Pet food makers choose from a wide range of ingredients—beef, pork, lamb, poultry, alligator, bison, shrimp, fish, corn, wheat and other grains, peas, carrots, potatoes and other vegetables, fruit, animal and vegetable oils, and vitamins, minerals and individual amino acids—based not only on nutrient content, but also such characteristics or functions as:
The ingredient list provided on your pet’s food label is required by the U.S. Food and Drug Administration (FDA). Each ingredient:
Ingredients produced during the processing of food for human consumption, often referred to as “by-products” or “co-products,” are excellent sources of nutrition for cats and dogs. While by-products, particularly animal by-products—the highly nutritious parts of chickens, cows, pigs or fish, for example, that are consumed first by animals in the wild—may not be preferred by Americans, they often are considered delicacies by others around the world.
Moreover, the use of these ingredients can help support common sustainability goals by keeping food that would otherwise go to waste from ending up in landfills and by helping to ensure that pet food ingredients do not compete with human food ingredients or result in additional land being placed under agricultural production.
“Natural” and “organic” are marketing term for ingredients used in a given pet food. They do not represent safety or nutritional information.
Natural is defined by the Association of American Feed Control Officials (AAFCO) “a feed or feed ingredient derived solely from plant, animal or mined sources,but not having been produced by or subject to a chemically synthetic process and not containing any additives or processing aids that are chemically synthetic except in amounts as might occur in good manufacturing practices.” AAFCO also provides a set of guidelines for using the term on pet food labels, and in the majority of states that have adopted AAFCO’s Model Bill and Model Regulations, pet food makers must comply with this definition to use the term on a label.
Pet food makers currently develop organic pet food products under the same rules established by the U.S. Department of Agriculture (USDA) that the manufacturers of human food do. Among USDA’s responsibilities under this National Organic Program (NOP) are the development of regulation and guidance on organic standards and management of the National List of Allowed and Prohibited Substances, based on recommendations of the National Organic Standards Board (NOSB) which is made up of members of the organic community.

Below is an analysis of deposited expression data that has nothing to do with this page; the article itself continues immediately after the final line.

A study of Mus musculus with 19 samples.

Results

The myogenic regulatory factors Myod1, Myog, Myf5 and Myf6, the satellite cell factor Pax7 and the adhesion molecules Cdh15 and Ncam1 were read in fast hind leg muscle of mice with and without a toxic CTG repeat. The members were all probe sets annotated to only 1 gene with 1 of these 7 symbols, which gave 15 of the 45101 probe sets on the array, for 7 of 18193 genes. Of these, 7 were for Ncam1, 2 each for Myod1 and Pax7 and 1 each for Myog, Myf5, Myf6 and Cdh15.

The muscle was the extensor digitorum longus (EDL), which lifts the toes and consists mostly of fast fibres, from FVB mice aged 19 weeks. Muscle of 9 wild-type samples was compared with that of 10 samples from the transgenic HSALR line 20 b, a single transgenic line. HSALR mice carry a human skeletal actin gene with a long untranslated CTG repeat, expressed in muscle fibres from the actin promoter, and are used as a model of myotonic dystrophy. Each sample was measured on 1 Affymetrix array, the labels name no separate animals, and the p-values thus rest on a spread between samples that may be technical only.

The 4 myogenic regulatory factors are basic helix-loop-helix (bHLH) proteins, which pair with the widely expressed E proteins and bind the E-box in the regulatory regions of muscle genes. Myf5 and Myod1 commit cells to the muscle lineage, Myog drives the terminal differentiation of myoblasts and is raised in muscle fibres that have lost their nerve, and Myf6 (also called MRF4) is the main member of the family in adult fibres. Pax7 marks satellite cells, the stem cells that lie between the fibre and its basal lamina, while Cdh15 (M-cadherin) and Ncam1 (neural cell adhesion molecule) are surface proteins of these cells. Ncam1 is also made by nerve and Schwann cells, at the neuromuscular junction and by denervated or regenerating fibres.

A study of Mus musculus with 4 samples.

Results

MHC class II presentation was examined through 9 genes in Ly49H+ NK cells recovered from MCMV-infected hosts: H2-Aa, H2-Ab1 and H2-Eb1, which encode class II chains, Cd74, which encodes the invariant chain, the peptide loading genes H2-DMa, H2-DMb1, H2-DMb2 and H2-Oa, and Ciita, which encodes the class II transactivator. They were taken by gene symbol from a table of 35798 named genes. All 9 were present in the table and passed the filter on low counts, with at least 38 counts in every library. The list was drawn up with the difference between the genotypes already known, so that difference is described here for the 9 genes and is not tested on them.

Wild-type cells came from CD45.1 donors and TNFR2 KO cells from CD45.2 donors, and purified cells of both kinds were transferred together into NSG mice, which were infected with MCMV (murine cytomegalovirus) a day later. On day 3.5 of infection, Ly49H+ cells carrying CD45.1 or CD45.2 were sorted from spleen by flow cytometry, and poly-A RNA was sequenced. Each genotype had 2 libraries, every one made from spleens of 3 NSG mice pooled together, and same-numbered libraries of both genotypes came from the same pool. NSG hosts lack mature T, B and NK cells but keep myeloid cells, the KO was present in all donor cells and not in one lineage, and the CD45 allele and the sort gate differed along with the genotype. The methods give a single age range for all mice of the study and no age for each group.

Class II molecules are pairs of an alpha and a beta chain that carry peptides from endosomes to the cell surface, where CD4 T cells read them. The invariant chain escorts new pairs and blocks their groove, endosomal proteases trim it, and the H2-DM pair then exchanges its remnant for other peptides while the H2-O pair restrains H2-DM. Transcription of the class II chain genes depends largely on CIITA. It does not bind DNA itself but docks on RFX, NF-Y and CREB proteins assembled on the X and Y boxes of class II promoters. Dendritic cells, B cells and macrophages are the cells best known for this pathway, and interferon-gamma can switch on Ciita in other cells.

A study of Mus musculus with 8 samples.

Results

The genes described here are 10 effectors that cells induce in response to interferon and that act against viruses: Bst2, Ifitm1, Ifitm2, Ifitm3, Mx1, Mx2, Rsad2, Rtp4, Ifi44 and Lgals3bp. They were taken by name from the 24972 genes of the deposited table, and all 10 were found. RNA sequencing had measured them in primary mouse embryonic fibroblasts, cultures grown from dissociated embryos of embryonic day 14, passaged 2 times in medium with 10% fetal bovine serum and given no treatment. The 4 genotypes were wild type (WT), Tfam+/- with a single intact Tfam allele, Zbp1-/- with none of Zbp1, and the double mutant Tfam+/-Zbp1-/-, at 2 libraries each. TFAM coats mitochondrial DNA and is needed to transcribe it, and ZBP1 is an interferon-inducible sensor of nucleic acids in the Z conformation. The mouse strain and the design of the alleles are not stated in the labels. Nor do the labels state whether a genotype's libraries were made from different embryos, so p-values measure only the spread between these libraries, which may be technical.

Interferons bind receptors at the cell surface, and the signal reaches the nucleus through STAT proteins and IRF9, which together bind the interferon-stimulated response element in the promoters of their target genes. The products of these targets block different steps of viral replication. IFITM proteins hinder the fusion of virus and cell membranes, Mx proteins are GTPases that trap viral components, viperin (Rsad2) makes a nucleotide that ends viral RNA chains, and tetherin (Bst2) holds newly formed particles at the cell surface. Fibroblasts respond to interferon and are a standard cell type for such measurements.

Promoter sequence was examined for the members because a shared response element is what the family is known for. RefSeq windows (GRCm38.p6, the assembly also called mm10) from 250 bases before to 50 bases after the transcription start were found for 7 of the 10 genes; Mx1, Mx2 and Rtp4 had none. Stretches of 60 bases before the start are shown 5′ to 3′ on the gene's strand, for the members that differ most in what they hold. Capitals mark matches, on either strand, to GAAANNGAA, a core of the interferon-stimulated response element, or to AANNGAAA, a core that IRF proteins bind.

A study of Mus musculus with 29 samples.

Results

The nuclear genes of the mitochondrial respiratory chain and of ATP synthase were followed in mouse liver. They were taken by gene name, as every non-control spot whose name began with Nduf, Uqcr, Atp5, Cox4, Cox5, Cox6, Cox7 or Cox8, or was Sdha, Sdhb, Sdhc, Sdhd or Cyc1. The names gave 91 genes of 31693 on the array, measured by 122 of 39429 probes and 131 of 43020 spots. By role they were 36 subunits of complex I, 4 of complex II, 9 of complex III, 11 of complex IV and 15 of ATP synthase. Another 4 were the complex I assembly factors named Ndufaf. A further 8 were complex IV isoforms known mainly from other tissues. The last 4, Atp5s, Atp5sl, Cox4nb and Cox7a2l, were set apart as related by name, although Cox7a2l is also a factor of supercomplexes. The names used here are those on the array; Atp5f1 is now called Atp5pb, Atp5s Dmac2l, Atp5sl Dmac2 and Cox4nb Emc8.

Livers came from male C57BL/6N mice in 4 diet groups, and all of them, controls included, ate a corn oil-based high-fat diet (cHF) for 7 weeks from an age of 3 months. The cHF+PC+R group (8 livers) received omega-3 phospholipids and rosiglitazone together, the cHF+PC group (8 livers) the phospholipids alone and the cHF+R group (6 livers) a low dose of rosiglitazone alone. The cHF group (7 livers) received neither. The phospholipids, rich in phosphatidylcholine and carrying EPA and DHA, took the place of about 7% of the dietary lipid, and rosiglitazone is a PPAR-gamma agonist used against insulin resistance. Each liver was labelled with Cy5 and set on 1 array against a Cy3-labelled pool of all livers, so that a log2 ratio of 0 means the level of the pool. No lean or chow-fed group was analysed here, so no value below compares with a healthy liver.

The NOP, urged by PFI, established a Pet Food Task Force in 2006 to develop a proposal for the creation and adoption of pet food specific standards by the USDA National Organics Standards Board (NOSB) for use with the USDA organic seal. In 2008, the NOSB unanimously adopted a set of recommendations, beginning the process of creating organic pet food standards. We look forward to USDA finalization of its standards for certified organic pet food.
There is no regulatory definition for “limited ingredient” pet food and its application in dog and cat food can vary. Some common applications in today’s marketplace include pet food recipes that offer a single nutrient source (e.g., turkey as the sole protein source), or utilize different ingredients as nutrient sources (e.g., exchanging the type of grain used as a carbohydrate source). If a pet lover suspects his or her dog or cat may have food allergy or sensitivity, it is important to visit a veterinarian who can help diagnose the possible cause.
If considering a raw diet for their dog or cat, PFI encourages pet lovers to review the available data on raw diet safety and nutrition. Raw pet food is defined as meat, bones, organs and/or eggs that have not been cooked or treated. Treatment options can include the freeze-drying process and High Pressure Processing (HPP).
During a two-year study conducted by the U.S. Food and Drug Administration (FDA) Center for Veterinary Medicine (CVM), the agency screened over 1,000 samples of pet food for food-borne bacteria. The study found that raw pet food is significantly more likely to contain Salmonella and Listeria than any other form of pet food. Humans may be infected by these bacteria through a number of outlets, including:
FDA advises households concerned about the possible infection of these food-borne diseases to not feed raw diets.
There is currently no peer-reviewed evidence to suggest that raw pet food offers any nutritional benefit in comparison to other forms of pet food. The National Academy of Sciences has identified more than 40 nutrients that are essential for dogs and cats, and a diet consisting solely of raw pet food may not provide the total required nutrition. If a pet lover decides to feed their pet a raw diet, look for food that is labeled as complete and balanced. PFI recommends consulting with your pet’s veterinarian before selecting a raw pet food diet.